Cost of GSN failure could fall with asset sales

Sale of GSN assets features in telco services tender

The State Services Commission could reduce the cost of the Government Shared Network (GSN) project failure through selling the network's assets to whoever provides its services in the future.

The SSC is now tendering for a provider to deliver the services formerly provided by the failed GSN. One of the options being canvassed in the tender is that the new provider optionally purchases assets used in the old network.

Tender documents published yesterday show SSC is seeking transition and implementation services, wide-area network services, internet services, secure wide-area network services, inter-agency connectivity, professional services and service management as part of its effort to replace the GSN.

As expected, the tender is a syndicated procurement from several agencies who signed up for the GSN. These include the State Services Commission, Ministry of Health, Ministry of Education, Department of Labour, Archives New Zealand, the National Library and the Department of Internal Affairs, all of whom will participate in using the GSN's replacement.

Other eligible agencies are the New Zealand Defence Force, the New Zealand Police, the New Zealand Security Intelligence Service, the Parliamentary Counsel Office, the Office of the Clerk of the House of Representatives, the Parliamentary Service and others.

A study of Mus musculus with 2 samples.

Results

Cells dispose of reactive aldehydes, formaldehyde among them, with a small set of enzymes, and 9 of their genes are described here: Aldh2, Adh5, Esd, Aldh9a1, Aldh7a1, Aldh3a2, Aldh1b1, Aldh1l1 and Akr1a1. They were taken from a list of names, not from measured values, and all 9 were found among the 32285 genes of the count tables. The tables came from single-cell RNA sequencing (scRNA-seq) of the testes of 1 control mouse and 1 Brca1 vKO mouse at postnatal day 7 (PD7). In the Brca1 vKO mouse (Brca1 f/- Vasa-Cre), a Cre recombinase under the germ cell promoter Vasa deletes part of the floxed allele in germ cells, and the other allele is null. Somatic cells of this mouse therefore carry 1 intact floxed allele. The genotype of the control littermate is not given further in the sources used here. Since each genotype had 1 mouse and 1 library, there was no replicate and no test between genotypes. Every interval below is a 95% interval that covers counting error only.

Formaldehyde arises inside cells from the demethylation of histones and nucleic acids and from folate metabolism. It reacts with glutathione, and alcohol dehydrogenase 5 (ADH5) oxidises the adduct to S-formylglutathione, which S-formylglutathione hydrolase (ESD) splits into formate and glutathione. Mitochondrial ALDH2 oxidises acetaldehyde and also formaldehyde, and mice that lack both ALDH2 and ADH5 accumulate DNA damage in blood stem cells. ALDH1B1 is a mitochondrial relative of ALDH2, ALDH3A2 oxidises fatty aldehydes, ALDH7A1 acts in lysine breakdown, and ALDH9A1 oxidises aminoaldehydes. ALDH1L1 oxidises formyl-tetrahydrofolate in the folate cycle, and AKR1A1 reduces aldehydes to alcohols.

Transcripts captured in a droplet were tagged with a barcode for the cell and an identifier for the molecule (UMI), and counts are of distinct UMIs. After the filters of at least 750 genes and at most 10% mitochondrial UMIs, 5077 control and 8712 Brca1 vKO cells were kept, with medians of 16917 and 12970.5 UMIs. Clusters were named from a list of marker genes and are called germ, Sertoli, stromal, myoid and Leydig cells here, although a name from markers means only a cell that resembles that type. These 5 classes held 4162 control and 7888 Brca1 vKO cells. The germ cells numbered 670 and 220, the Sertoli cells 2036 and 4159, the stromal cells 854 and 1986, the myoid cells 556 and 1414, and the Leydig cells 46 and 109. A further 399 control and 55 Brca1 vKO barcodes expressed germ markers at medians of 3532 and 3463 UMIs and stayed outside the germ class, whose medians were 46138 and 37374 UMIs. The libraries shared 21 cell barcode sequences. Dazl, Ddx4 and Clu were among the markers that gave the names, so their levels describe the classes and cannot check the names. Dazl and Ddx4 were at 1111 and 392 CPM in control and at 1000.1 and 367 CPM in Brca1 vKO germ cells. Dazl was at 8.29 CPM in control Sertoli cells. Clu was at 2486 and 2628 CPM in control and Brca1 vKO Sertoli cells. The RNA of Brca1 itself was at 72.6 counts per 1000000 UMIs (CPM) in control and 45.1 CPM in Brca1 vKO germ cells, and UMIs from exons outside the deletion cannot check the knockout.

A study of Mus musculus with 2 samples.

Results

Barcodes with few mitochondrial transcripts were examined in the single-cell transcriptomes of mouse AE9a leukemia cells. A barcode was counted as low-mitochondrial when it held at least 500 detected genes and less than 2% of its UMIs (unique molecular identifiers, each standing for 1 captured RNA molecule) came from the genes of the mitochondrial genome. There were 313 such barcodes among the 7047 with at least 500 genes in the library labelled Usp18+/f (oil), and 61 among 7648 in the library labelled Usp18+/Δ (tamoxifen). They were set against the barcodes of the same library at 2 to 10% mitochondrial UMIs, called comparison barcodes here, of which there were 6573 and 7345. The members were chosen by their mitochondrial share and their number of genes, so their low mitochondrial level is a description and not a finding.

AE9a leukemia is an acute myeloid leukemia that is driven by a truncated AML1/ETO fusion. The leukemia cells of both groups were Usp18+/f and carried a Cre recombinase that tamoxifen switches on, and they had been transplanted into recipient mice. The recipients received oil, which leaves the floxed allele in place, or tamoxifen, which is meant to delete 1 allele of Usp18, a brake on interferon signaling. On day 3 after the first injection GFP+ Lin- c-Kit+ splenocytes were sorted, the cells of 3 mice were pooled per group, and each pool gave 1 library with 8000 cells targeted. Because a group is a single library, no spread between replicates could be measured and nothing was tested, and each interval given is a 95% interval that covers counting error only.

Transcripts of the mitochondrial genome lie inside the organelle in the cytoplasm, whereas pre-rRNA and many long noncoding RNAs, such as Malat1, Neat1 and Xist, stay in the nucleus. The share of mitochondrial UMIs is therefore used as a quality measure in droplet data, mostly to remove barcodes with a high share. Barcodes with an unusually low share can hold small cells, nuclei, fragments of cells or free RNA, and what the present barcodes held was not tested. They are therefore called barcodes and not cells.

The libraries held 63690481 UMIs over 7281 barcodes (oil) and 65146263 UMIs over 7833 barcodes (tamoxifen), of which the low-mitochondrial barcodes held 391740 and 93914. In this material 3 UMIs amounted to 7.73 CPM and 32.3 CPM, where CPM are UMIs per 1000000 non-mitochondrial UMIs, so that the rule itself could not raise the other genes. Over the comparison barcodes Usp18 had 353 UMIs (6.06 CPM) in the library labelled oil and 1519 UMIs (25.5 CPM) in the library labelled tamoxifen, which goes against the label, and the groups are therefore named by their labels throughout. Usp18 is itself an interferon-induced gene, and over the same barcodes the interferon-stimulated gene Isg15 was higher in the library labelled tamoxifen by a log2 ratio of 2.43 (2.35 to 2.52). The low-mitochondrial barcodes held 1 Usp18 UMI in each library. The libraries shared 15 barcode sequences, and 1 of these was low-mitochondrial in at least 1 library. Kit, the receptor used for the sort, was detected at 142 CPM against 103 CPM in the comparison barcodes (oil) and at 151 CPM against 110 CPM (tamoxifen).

The SSC established the $28 million GSN, a secure all-of-government telecommunications network, in 2005 and it has been operational since 2007. It currently connects agencies in about 130 locations around New Zealand.

However, not all services expected on the network have been delivered and the government decided to discontinue the GSN early this year. $10.6 million was written off the value of the project in the 2008 financial year. When discontinued, the GSN was losing $700,000 a month.

Two enquiring have since been held into the project, one by PricewaterhouseCoopers into the project failure and its causes and another into the probity of procurement for the project.

While no deliberate misconduct was found at either the SSC or lead consultancy Voco, New Zealand government CIO Laurence Millar resigned last week over mishandling aspects of the procurement.

The SSC says it is also proposing to sell the assets of the GSN.

“Each respondent has the opportunity, but is not required, to offer to purchase some or all of the assets as part of its proposal. Proposals that include an offer to purchase some or all of the assets will be assessed together with proposals that do not include such an offer,” the tender says.

Contracts with the provider are expected to be signed with the Department of Internal Affairs, rather than SSC as the functions and control of the GSN will move to DIA's new Government Technology Services division mid-year.